I am writing this on my plane to Florida! I plan on posting it tomorrow, which will be officially Day 1 of PoSSUM training. I was thinking I should do something similar to the Space Symposium and document the events of every day. To the best of my ability that is... I am going to be kind of busy. But sitting here on the plane, going to Florida (again) to do this was not something I knew I wanted until very recently. It is a crazy surreal experience.
Bailey's life - barely keeping my head above water! I have been working overtime (to do PoSSUM this week), doing my master's program in space resources, and doing PoSSUM training. And my parents are moving. It's been a lot and I am very tired. I have to keep reminding myself what my big-picture goal is!
Fund Raising life - I did a GoFundMe to help me pay for PoSSUM. I asked for half of the $6,000 I needed (for those without a calculator that is $3,000). I knew I needed a little financial help to make this possible and $3,000 seemed like a pretty high bar that I could maybe possibly meet. Well, last-minute I raised just over $4,000. And I am completely floored by that. Like, sit on the floor think about what the heck just happened floored. The amount of support I got, in some cases by complete strangers, is something I will never forget. I hope this is an example of "but good into the universe and good will come to you." Thank you multiplied more than I can express for all the support.
PoSSUM life - I just wanted to give a set in stone explanation of what this program is all about. PoSSUM (Polar Suborbital Science in the Upper Mesosphere) is a massive science experiment to study noctilucent clouds in the mesosphere. Noctilucent clouds are thought to be a product (and thus proof) of climate change because they occur with the cold temperatures on the mesosphere mixed with methane which we have seen a rise in. The mesosphere is above the stratosphere which is above the troposphere which is where we are. The mesosphere, the third level in our atmosphere, is about 50 km (or 31 mi or 160,000 ft) up with a temperature of less than 130 K (or -226 deg F). Sadly there isn't as much research in this area and that is what we are being trained to do. We will run all the cameras and other testing equipment in the short flight time we have to gather data. This is just the training for that event but that means we need to get spun up on how to use the equipment, how to function in microgravity, and know the physicological symptoms of hypoxia both in our selves and in our crew. So that is why I am in Florida! To learn all that stuff!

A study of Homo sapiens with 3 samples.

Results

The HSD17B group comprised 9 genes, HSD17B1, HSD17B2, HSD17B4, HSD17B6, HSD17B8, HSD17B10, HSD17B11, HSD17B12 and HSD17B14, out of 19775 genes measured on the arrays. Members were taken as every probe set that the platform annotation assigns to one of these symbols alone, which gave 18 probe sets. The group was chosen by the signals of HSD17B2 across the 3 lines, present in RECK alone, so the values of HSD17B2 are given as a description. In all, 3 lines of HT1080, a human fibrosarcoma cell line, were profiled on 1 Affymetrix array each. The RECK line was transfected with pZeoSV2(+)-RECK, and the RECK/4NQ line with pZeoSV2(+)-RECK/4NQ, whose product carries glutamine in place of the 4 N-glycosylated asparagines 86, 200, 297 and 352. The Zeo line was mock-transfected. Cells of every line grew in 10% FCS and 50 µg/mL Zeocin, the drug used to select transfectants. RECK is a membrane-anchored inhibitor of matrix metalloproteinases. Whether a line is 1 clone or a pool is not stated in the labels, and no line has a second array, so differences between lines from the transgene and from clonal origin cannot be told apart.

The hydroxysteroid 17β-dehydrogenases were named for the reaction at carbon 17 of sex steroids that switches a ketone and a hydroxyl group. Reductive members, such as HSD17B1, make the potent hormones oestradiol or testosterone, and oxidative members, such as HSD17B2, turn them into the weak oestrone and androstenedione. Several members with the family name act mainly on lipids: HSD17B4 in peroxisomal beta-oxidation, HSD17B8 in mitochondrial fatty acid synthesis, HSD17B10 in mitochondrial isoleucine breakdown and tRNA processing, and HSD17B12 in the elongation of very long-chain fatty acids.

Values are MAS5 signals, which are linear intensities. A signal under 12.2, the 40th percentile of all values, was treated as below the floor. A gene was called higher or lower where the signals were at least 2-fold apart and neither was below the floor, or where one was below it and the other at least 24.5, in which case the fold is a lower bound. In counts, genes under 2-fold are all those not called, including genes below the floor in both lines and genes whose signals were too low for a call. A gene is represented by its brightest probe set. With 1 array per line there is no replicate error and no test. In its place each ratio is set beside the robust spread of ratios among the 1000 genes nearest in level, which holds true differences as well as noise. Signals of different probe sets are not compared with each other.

Okay, true vulnerability time! I feel very out of my element. Most of the people coming to this program are highly intelligent and qualified. I was reading their bios and most are PhDs with some sort of research that applies to this. Or they have countless amounts of awards on how awesome they are. Or they have an impressive military background. And I am just like "hi... my name is Bailey... and I like to learn new things..." I know how important that is, but when you're about to go into training (and be tested) with these incredible humans... it is hard to not feel inadequate. I am hoping I can leverage my energy at this stuff... they maybe be smarter than me but I am the energizer bunny man!
I am also worried about the simulations. This is my first chance to see if I actually could be an astronaut. What if I SUCK at all the commands and controls of being a copilot and I have to give up my dream? Or what if I can't handle motion sickness as well as I thought? Or I have some rare heart disease that doesn't allow me to go into space that they discover in the simulations? As you can tell, I do enjoy the what-if game. But it's true, this is my first insight into if I can actually do this thing or not. I guess we had to find out eventually! Might as well be now!
Okay, that is my update for now. Mostly just a good background for everyone. Thanks for joining me on this journey and check back tomorrow!